WASHINGTON (AP) — A powerful government workers’ union will end its support for the United Negro College Fund after the group accepted $25 million from the conservative powerhouse Koch brothers and the college fund’s president appeared at a Koch event.
In a letter made public Thursday, the American Federation of State, County and Municipal Employees said it will no longer partner with or raise funds for the fund, known for its iconic motto, “A mind is a terrible thing to waste.”
AFSCME President Lee Saunders said the actions of the college fund’s president “are not only deeply hostile to the rights and dignity of public employees, but also a profound betrayal of the ideals of the civil rights movement.”
The fund supports historically black colleges and universities and provides scholarships. It accepted a $25 million grant last month from Koch Industries Inc. and the Charles Koch Foundation.
The Koch brothers are major contributors to conservative causes and are often vilified by Democrats and liberals. After accepting the grant, Saunders says UNCF President Michael Lomax spoke at a Koch Brothers summit in California.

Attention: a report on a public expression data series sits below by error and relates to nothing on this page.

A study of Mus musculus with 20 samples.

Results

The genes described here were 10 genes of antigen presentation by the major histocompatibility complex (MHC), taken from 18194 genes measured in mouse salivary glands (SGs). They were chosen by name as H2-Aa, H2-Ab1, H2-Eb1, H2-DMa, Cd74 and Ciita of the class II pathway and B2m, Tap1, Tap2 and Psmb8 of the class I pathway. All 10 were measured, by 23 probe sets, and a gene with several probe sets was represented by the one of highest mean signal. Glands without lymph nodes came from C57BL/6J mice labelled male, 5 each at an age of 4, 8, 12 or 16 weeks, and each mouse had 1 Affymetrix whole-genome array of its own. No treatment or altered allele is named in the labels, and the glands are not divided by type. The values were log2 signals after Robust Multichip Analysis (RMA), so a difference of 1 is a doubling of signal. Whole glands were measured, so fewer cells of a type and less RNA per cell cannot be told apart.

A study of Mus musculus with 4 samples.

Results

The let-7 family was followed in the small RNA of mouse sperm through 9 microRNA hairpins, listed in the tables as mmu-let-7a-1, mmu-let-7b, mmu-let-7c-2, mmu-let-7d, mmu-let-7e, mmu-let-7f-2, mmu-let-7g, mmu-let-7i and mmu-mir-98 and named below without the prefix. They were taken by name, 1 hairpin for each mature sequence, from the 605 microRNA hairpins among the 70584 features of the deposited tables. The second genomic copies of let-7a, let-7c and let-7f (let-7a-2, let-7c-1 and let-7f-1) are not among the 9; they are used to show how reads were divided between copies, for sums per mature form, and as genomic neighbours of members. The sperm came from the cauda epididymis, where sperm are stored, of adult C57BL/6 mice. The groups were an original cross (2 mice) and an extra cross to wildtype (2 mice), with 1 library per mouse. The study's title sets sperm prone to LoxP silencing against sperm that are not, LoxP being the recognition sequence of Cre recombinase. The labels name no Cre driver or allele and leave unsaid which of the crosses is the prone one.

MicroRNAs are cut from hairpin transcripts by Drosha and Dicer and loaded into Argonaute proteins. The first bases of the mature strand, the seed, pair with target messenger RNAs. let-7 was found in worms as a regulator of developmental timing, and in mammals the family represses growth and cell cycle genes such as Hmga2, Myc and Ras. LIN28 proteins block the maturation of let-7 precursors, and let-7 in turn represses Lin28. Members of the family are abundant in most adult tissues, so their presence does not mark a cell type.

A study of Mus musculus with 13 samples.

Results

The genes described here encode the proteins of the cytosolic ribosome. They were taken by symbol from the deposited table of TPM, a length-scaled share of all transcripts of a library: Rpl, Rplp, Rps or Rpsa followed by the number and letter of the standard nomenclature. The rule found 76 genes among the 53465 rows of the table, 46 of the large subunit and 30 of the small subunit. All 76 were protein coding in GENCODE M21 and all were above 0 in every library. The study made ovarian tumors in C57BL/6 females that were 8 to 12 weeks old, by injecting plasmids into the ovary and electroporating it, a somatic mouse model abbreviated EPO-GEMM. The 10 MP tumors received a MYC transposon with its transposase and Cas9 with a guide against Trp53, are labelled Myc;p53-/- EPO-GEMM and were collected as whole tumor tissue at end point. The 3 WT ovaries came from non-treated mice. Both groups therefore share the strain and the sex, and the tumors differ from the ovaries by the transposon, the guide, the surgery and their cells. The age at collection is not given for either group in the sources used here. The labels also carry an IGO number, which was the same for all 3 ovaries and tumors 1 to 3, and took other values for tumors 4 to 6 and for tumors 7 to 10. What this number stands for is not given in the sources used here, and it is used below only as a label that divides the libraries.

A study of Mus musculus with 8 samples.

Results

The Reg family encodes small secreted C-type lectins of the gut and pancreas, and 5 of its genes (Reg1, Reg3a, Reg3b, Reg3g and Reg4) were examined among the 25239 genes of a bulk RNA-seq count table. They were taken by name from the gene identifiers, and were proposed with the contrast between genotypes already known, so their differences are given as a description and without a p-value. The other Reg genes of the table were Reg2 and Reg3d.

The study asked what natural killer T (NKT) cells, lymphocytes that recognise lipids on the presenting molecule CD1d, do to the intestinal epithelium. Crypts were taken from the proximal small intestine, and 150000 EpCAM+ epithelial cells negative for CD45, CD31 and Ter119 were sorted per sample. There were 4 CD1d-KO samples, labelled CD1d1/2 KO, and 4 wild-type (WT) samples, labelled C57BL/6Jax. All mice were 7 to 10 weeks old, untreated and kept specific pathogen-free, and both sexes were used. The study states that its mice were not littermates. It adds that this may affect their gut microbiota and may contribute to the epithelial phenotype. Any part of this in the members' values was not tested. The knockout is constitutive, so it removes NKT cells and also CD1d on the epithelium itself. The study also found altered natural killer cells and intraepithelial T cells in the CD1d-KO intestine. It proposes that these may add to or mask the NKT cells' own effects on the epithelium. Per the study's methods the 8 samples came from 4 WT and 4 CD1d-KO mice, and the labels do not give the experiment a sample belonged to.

Saunders called the Kochs “the single most prominent funders of efforts to prevent African Americans from voting” and said Lomax’s appearance at their function was “a betrayal of everything the UNCF stands for.”
Lomax said the fund never had a litmus test for donors.
“While I am saddened by AFSCME’s decision, it will not distract us from our mission of helping thousands of African American students achieve their dream of a college degree and the economic benefits that come with it,” Lomax said.
AFSCME is the nation’s largest public services employees union and has more than 1.6 million working and retired members. The union will sever its relationship with UNCF on Sept. 1.
AFSCME gave between $50,000 and $60,000 annually to the UNCF for its AFSCME/UNCF Union Scholar Program, which has served 94 students since 2003. The program will continue, the union said, just no longer in partnership with the UNCF.